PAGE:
Editor’s Note: This is the ninth of a series of 10 vignettes in which IMS Senior Communications Manager Paul Kelly picks his top 10 moments of 2019 at the Indianapolis Motor Speedway.

Simon Pagenaud made the ultimate legacy play during the Month of May in 2019 at the Indianapolis Motor Speedway.

The Frenchman became just the second driver to sweep the INDYCAR Grand Prix on the IMS road course and the Indianapolis 500 presented by Gainbridge on the Brickyard oval in the same year, following Team Penske teammate Will Power in 2018.

That challenge of sweeping the road course is beyond daunting. It requires vastly different car setups. Different driving styles. Different approaches for a two-day event and a two-day event.

Just because a driver has completed the feat two years in a row doesn’t mean it should ever be considered routine.

Pagenaud methodically attacked the challenge with his usual good spirits, talent and focus, and he ensured a spot in IMS history and, just maybe, secured his status on the Team Penske roster.

The Month of May opened with Pagenaud’s victory on the 14-turn, 2.439-mile IMS road course in the INDYCAR Grand Prix.

He delivered the clutch victory Saturday, May 11 to end a 22-race NTT IndyCar Series drought by passing Scott Dixon with less than two laps to go after a stirring charge in the rain during the closing laps. That victory also silenced a few whispers that his status with Penske may be in jeopardy for 2020 and beyond without a victory in 2019.

Pagenaud beat Dixon to the checkered flag by 2.0469 seconds in the 85-lap race. It was his first victory in the No. 22 Menards Team Penske Chevrolet since the 2017 season finale at Sonoma Raceway.

“I answered it,” Pagenaud said about increasing questions about his winless spell. “I know what I’m worth. I’ve got to get everything right, and we did that this weekend.”

Dixon led Jack Harvey by 5.5257 seconds with 10 laps remaining, with Pagenaud running third, 6.0122 seconds behind the leader.

Pagenaud passed Harvey for second in Turn 1 with five laps remaining, trailing Dixon by 3.9666 seconds as the rain intensified.

The gap evaporated to 1.8388 seconds just one lap later. With three laps left, Pagenaud closed to within .5404 of a second and drove into the rooster tail of spray from Dixon’s car.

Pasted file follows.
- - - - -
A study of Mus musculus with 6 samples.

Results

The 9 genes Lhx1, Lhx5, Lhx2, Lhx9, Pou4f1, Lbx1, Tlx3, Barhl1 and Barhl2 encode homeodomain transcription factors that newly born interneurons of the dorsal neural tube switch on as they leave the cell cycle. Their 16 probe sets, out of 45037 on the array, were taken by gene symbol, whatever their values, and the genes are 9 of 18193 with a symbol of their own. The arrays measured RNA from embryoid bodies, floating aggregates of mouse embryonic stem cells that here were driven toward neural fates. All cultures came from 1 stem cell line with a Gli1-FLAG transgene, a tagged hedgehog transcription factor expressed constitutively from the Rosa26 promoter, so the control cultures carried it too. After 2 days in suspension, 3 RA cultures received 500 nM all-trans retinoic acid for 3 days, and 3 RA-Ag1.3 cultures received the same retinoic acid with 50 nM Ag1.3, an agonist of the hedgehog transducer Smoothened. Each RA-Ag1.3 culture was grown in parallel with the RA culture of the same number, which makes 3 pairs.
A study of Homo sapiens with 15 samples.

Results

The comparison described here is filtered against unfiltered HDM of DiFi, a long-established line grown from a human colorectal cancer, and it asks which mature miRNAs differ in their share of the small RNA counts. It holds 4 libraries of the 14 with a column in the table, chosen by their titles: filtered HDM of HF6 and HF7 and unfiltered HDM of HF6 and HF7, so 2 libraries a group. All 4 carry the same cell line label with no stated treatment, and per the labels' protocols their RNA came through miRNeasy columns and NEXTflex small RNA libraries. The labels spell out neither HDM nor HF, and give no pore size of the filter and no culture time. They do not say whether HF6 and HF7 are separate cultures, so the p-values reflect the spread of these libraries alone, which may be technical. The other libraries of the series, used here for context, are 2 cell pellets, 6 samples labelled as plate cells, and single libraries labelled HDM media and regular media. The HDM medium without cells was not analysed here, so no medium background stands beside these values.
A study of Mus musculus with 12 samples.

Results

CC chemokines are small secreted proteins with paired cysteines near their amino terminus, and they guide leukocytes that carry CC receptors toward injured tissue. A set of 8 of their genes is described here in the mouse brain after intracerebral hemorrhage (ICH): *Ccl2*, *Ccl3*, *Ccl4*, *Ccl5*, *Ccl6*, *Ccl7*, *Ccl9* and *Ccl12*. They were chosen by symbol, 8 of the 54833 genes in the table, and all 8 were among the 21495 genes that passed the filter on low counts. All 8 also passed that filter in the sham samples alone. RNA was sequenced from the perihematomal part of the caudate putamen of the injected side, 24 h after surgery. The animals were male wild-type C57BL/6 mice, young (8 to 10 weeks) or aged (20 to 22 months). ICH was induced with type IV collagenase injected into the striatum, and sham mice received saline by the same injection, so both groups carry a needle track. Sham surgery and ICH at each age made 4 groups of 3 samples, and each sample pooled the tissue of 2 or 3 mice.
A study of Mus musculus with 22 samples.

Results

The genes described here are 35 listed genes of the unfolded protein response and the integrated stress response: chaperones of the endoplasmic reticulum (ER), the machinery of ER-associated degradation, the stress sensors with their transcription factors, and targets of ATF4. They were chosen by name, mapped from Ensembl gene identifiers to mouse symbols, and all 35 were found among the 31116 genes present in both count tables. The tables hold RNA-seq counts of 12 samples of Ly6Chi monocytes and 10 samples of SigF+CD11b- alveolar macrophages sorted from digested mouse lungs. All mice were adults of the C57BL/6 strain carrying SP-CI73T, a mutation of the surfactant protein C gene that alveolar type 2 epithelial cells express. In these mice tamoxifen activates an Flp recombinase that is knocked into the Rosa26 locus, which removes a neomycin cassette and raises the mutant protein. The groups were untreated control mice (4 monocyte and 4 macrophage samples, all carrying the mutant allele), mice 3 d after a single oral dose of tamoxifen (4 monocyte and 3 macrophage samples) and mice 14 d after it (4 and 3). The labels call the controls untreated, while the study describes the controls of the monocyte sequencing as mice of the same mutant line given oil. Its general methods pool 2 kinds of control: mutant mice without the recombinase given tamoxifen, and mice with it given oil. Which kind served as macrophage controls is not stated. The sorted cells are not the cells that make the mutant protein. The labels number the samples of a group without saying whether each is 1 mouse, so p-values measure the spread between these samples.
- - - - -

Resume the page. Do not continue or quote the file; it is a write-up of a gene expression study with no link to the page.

Pagenaud closed the gap to .5167 of a second with two laps to go. On Lap 84, Dixon ran slightly wide in Turn 7 in his No. 9 PNC Bank Chip Ganassi Racing Honda, and Pagenaud dove under him in a bid for the lead. The cars made light contact, and Pagenaud drove past Dixon for the lead in Turn 9.

“What a way to start May,” Pagenaud said. “The car was fantastic. The car was awesome all day. We had something for everybody.”

That continued Sunday, May 26 in the 103rd Indianapolis 500 presented by Gainbridge.

Pagenaud passed 2016 Indy 500 winner with less than two laps remaining to earn his first victory in “The Greatest Spectacle in Racing.”

The victory was the 18th for Team Penske in “The Greatest Spectacle in Racing,” extending its event record. Pagenaud also became the first pole sitter to win this race since Team Penske teammate Helio Castroneves in 2009.

A five-car incident on Lap 178 spawned a red flag on Lap 180, setting up a scintillating dash to the finish after the restart on Lap 187.

Rossi charged toward the restart as the leader, but Pagenaud passed him for the top spot on the frontstretch. But Rossi regained the lead on Lap 188, with Pagenaud returning the favor one lap later in the No. 22 Menards Team Penske Chevrolet.

Pagenaud and Rossi then marched in unison around the 2.5-mile oval for the next eight laps, with Sato threatening to join the high-stakes dance. On Lap 197, Pagenaud led Rossi by .0077 of a second at the line before Rossi then passed for the lead on the outside in Turn 1 on Lap 198, reminiscent of Rick Mears’ famous pass of Michael Andretti for victory in 1991.

But Pagenaud tucked in behind Rossi and passed him for the lead entering Turn 3 on Lap 199. As they drivers took the white flag, Pagenaud snaked his bright yellow machine on the back straightaway, trying to break the draft to Rossi’s car. Rossi never could make a final challenge for victory exiting Turn 4.

Pagenaud led 116 laps. He led just 36 total laps in his seven previous “500” starts.